Royal Bank of Scotland’s smaller shareholders are lobbying the bank to set up a special committee so that they have more control over pay for directors, the BBC reported.
The committee would also be able to “scrutinise” the bank’s long-term strategy as well as senior appointments, according to the report.
Shareholders’ groups are pushing for the idea to be put to an investor vote at next year’s annual general meeting.
A spokesman for RBS told the BBC: “We have not yet received the final draft resolution. Once it has been delivered we will look closely to ensure that it complies with all corporate governance and listing guidelines.”
The move comes as chief executive officers come under scrutiny for their increasingly generous pay packets.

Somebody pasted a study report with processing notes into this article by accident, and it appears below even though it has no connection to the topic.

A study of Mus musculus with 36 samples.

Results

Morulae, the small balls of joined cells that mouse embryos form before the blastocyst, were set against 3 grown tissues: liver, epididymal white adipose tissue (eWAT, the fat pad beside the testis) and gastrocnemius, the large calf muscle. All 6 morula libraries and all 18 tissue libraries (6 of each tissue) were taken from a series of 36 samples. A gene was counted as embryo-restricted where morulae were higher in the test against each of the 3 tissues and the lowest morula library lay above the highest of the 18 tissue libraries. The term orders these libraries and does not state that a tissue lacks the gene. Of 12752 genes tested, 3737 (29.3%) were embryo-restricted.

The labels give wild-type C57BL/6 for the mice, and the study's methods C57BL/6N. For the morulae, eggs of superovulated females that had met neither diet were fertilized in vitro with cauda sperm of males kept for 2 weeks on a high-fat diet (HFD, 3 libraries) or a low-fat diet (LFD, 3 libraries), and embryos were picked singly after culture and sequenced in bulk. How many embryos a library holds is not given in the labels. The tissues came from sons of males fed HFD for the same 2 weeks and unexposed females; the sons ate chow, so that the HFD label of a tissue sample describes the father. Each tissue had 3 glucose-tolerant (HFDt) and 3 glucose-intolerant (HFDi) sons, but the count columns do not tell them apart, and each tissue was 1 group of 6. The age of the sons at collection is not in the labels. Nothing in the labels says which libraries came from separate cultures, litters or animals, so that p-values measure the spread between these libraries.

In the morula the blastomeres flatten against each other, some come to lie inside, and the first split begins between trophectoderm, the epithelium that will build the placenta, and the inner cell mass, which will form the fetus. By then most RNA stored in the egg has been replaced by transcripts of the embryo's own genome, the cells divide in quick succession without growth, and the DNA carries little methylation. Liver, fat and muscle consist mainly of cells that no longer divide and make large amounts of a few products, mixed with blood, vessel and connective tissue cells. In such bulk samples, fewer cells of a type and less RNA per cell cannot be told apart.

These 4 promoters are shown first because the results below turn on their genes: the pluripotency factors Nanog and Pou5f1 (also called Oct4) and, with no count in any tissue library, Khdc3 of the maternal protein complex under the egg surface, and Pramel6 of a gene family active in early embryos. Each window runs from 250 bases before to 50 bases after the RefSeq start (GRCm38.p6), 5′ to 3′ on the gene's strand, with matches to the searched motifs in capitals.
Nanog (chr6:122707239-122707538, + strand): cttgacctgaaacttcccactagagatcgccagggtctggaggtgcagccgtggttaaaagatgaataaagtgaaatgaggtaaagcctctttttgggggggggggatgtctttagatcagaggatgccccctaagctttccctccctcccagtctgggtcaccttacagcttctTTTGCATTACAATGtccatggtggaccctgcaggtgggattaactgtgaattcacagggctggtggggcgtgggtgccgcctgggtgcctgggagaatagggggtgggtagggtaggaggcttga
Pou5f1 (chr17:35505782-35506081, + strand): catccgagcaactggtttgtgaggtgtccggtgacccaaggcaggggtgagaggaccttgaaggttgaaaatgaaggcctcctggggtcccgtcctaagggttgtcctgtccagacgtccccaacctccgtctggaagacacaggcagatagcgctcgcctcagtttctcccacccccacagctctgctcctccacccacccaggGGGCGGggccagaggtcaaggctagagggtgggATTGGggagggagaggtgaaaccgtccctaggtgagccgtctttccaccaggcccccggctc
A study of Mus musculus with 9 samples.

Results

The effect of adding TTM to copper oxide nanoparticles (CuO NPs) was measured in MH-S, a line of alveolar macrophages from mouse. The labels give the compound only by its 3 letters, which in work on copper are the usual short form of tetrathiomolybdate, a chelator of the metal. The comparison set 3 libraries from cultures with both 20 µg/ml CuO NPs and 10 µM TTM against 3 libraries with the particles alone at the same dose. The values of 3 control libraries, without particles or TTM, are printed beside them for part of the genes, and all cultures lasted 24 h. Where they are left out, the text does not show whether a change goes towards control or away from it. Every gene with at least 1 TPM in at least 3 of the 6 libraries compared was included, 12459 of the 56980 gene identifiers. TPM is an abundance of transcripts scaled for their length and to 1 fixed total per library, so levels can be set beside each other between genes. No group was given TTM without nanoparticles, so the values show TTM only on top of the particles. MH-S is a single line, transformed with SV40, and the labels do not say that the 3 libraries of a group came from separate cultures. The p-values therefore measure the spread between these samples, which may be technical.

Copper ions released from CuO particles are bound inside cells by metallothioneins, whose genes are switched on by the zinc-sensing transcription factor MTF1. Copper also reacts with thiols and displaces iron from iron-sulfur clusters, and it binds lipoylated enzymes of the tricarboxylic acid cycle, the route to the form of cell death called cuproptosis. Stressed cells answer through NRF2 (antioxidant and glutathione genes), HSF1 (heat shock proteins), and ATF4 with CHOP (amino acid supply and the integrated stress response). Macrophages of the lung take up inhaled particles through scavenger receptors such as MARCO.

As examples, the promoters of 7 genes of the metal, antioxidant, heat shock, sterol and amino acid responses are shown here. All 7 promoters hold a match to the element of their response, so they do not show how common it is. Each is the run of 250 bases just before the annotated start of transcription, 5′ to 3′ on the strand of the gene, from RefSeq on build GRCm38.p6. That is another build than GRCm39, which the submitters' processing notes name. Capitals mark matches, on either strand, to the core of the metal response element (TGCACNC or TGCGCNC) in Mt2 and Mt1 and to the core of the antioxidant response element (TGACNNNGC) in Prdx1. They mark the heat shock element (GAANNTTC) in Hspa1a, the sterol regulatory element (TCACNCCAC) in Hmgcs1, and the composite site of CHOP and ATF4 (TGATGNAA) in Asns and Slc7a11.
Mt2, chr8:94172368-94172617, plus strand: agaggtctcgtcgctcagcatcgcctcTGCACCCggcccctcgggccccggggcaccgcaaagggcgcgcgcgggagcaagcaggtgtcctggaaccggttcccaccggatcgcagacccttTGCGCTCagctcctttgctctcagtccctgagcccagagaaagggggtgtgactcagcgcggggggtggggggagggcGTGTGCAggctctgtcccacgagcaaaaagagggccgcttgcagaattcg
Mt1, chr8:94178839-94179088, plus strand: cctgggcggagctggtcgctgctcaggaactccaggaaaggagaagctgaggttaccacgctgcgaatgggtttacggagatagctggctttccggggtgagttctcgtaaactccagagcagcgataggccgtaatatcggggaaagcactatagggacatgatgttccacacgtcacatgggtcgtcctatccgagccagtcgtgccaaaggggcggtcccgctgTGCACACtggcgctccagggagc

Pay for corporate chief executives has increased by 82% in the past 13 years, but the average company generated less than 1% return for investors, according to a report by the CFA Institute published on Thursday.
The median CEO at a FTSE-350 firm earned £1.5 million, with pay increasing on “an otherwise linear trend halted only by the financial crisis in 2008-2009 when pay levels slipped back to 2006 levels,” the organisation said.
Will Goodhart, chief executive of CFA UK, said: “Remuneration committees have spent more time than ever before this year in reaching out to shareholders and stakeholders to discuss compensation structures.
“There is an intense focus on pay levels coupled with calls to find better ways of aligning senior executives’ incentives with long-term value creation, which for our members is more often measured through economic profit than through accounting profit,” Goodhart said.
Pay has become a political issue. Prime Minister Theresa May proposed earlier this year to introduce binding shareholder votes on CEO pay every year for each company.